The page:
The Duke and Duchess of Cambridge have announced that they are expecting a third child. Of all the many people whose hearts will have been uplifted by this happy news, I think we can safely say who will have been first among them.
At last. A headline that will in some measure detract from the compelling and ongoing coverage of Wayne in the Volkswagen Beetle with the impressively bosomed “party girl”.
Sadly for himself (but also poor Coleen) Wayne has once more found himself centre-stage in a story which can best be described as traditional tabloid gold.
Married celeb footballer caught in car with hottie from nightclub. Carlsberg don’t do tabloid exclusives ...
In a world weary of what we in the business call ‘hard news’, it is increasingly the inconsequential and the gossipy that makes headlines as it elbows aside (or at least pushes down the news agenda) matters of greater import.
How else to explain why so many national newspapers have spent time this week analysing the implications for the Rooney marriage had the boozy couple made it to his new lady friend’s house and, thence, presumably, to bed?
And yet there’s been surprisingly little debate about the implications for other road users on the same night facing an alleged drink-driver behind the wheel.
Wayne Rooney, his only crime was infidelity? We shall see when he appears in court later this month.
At least the story takes our minds off gloomier issues. Trump, Kim, natural disaster, Brexit and eternal logjam at Stormont.
At one stage this week, Wayne’s world was getting even more attention than (potentially) the end of the world.
I’m not sure if it’s a good thing for any of us that a fading football player’s night on the town is deemed more newsworthy in some quarters than the threat of intercontinental nuclear warfare, but at least it sends a clear message to the National Trust.
The Trust has recently been criticised after a ‘sexist’ pink cap was found on display at one of its properties.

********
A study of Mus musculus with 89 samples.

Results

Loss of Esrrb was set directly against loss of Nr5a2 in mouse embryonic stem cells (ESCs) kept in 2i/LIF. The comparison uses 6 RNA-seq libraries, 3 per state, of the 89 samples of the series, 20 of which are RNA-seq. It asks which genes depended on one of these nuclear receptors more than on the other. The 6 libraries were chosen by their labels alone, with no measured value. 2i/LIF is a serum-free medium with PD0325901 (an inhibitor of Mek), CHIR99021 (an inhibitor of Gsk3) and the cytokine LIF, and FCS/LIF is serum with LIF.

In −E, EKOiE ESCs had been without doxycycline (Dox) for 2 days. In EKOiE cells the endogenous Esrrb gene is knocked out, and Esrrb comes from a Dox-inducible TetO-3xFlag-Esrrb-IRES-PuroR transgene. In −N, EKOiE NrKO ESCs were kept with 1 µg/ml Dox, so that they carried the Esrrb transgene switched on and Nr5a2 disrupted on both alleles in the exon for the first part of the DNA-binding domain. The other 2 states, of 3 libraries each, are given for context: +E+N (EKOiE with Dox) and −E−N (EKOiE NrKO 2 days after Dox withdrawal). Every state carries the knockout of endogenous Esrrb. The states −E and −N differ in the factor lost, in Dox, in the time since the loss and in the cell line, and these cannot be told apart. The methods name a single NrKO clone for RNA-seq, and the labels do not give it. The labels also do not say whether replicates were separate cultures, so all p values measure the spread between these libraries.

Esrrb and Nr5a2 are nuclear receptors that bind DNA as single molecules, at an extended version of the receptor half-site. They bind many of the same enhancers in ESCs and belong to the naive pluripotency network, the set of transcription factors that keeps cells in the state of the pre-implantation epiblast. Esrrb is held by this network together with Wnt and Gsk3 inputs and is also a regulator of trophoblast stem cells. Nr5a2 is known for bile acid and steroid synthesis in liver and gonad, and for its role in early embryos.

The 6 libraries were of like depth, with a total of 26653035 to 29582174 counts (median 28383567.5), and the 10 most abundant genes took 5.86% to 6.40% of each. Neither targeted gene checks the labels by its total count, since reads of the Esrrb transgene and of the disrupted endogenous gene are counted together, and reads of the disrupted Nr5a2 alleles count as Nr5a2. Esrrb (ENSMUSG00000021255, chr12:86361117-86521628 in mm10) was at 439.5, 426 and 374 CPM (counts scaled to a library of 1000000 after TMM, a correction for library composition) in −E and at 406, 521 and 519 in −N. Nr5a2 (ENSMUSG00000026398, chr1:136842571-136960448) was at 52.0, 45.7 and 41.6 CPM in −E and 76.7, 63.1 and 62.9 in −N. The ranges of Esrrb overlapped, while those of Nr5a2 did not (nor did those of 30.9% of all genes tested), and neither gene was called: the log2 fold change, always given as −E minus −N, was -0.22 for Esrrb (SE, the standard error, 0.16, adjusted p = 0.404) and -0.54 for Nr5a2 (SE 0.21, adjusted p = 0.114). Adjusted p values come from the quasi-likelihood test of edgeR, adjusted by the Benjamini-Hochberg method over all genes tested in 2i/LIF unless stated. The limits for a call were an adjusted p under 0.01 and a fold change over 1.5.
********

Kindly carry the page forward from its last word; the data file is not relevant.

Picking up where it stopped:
Aimed at little girls (although in these non-binary times who’s to say?) the cap featured the slogan, ‘Future Footballers Wife’ (never mind the sexism, no apostrophe!).
Poor Coleen Rooney’s experience may be proof, however, that footballer’s wife isn’t the dream position cap-manufacturers seem to assume.
‘President’s wife’ isn’t such a fantasy fixture either. When President Trump descended on flood-hit Texas, it wasn’t the unfortunate victims, the scale of the devastation or even Donald’s aid efforts that became the major talking point. It was his wife’s choice of footwear.
Melania arrived in the disaster area kitted out in snakeskin stilettos, a bomber jacket and aviator sunglasses.
Disaster Barbie, some called her.
The heels were so high she could have waded through the torrent without getting her ankles wet.
“It’s sad that we have an active and ongoing natural disaster in Texas, and people are worried about her shoes,” said her spokeswoman.
Indeed. However, that, my friends, is the way of the world. We home in on the trivial because it takes our mind off the terrible.
What made me do a double-take wasn’t Melania’s heels, it was her baseball cap. The one that said FLOTUS. First Lady of the United States.
You actually feel you need (or even want) to flag that up to the world, Melania? It’s not quite on a par with ‘Future Footballers Wife’, but it is a bit braggy, infantile and unnecessary.
Meanwhile, back in Pyongyang, Kim Jong-un larks about with the global annihilation button as a means of making himself look important.
He’s already set off a hydrogen bomb, which has done heaven knows what damage to the earth. What he might yet do is unthinkable.
So perhaps it’s no wonder we focus on the footwear of FLOTUS and the marital indiscretion of football’s big Wayne.
In this grim world, all this is our escape. Which is the ongoing bad news for Mr Rooney.
I love the proposal by James Ashe that Stormont should be transformed into one big Wetherspoon’s.
James, who obviously has had it up to here with the impasse, has started a petition on change.org demanding the Big House be put to better use and our well-paid MLAs get to know what serving the public really entails.
It might work too. We could put a nice wood-burning stove in the corner and, for the whiskey lovers, there’d be some Powers sharing.
Beer drinkers might be best advised, though, not to ask for a pint of blonde.
Like Nuala McAllister, our new Lord Mayor of Belfast, I too am a non-believer, so I don’t say grace at dinner.
But would I permit grace to be said if, by some fluke, I became Lord Mayor of the city — Lord Mayor for all the people of the city? That’s a different matter. My thinking would be that while it wouldn’t be a big deal for me, it would be for many of my fellow citizens, so why not just do it?
I don’t think it’s offensive not to do it. I just think for a first citizen aiming to represent the entire Belfast population, it would be the thing to do. The gracious thing to do.